A small bunch of dried white flowers rests against a backdrop of explosive color atop a 5-inch square of wood. Another square bears a close-up view of a stack of delicate teacups rendered in acrylic paint. And on a third, the word “Beyond” is spelled out in gold glitter across a painted background that conjures a blue sky with puffy white clouds.
Apart from their shape and size, these objects could hardly be more different, yet each is an expression of the concept of resilience. Along with 300 others, they are part of Imagination Squared, an ongoing participatory project taking place at the University of Georgia and throughout the Athens community this fall.
Imagination Squared was conceived and organized by artist Christina Foard, a student in the Master of Fine Arts program in the UGA Lamar Dodd School of Art. Designed to incite community conversations on a common theme, it is supported with funding from the Odum School of Ecology, Office of Sustainability and Willson Center for Humanities and Arts at UGA, as well as the Athens Area Arts Council.
The pilot phase of the project took place during the spring, when Foard distributed hundreds of wooden squares at locations including the art school, the Odum School, and select local middle and high schools. Participants were asked to modify a square to express their thoughts about the meaning of the word “resilience” and return it, along with an optional written statement. Each square was then photographed and uploaded to the project website, imaginationsquared.org/.
Phase two of the project is now underway, with squares available across campus and more Athens locations through Nov. 16.
Foard deliberately focused on a theme that has different meanings depending on context.
“Some choose to address the physical resilience of a material, or use symbols to infer a collective resilience through economic or political lenses,” Foard said. “Others interpret a personal resilience and identify the heroes of culture and history, their family members and their own strategies to cope with change and challenges.”
Katie Brownson, a doctoral candidate in integrative conservation and ecology, covered her square with colorful fungus and lichen to talk about ecological resilience.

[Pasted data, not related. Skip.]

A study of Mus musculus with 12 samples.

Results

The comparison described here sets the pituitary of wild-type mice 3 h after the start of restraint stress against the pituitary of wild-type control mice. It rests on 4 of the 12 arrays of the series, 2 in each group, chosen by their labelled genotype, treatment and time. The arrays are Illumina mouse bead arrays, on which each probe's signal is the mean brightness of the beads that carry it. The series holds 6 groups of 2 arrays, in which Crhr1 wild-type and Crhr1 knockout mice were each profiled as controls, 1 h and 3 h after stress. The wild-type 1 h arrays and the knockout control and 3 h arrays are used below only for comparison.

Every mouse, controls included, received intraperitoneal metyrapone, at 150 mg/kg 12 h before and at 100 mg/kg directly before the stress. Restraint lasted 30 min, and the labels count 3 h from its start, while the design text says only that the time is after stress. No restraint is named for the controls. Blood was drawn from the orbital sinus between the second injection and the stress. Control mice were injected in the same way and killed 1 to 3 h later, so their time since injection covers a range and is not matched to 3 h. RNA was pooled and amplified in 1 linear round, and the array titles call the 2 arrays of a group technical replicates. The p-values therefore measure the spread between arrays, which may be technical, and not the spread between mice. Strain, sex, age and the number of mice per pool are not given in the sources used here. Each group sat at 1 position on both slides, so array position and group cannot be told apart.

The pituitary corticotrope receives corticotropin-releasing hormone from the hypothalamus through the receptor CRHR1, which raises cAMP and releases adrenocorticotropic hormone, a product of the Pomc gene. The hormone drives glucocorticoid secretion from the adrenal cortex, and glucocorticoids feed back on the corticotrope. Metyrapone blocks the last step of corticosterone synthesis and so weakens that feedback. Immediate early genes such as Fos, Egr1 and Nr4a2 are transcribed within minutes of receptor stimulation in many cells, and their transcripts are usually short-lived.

“Fungi can adapt to take advantage of diverse food sources, enhancing their resilience to a changing environment,” she wrote. “Fungi also support the resilience of ecosystems by providing networks that strategically allocate resources to soil life and plant communities and by degrading contaminants.”
Brownson said she enjoyed thinking about an ecological concept in a new way.
“It’s something I’ve never done before, but I like any opportunities to incorporate more creative forms of expression into the way we communicate our science,” she said.
That is exactly the kind of experience Foard was hoping to prompt with the project.
“To me, this is a thinking prompt, a visual StoryCorps of sorts, a community connecting point using a common substrate and a common theme. It looks like an art project, but it is much more,” she said. “Although participants are challenged initially to consider how they might reflect their individual ideas in this 5-inch format, it is ultimately about belonging to something bigger than themselves.”
Information about how to participate, including where to find squares, is online at imaginationsquared.org/. Foard noted that couples, families, small businesses or social groups can work together to modify a square as a team, considering collective interpretations of resilience. And for those who prefer to express their ideas about resilience in audio format—through music, spoken word or sound recordings—a limited number of audio squares are available upon request.
The squares collected to date will be on display in the glass gallery on the third floor of the Lamar Dodd School of Art during the Alliance for the Arts in Research Universities (a2ru) national conference from Nov. 1-3 as part of UGA Spotlight on the Arts, and online at imaginationsquared.org/ and Instagram @imaginationsquared. Imagination Squared will culminate in fall 2020 with an exhibition at the Lyndon House.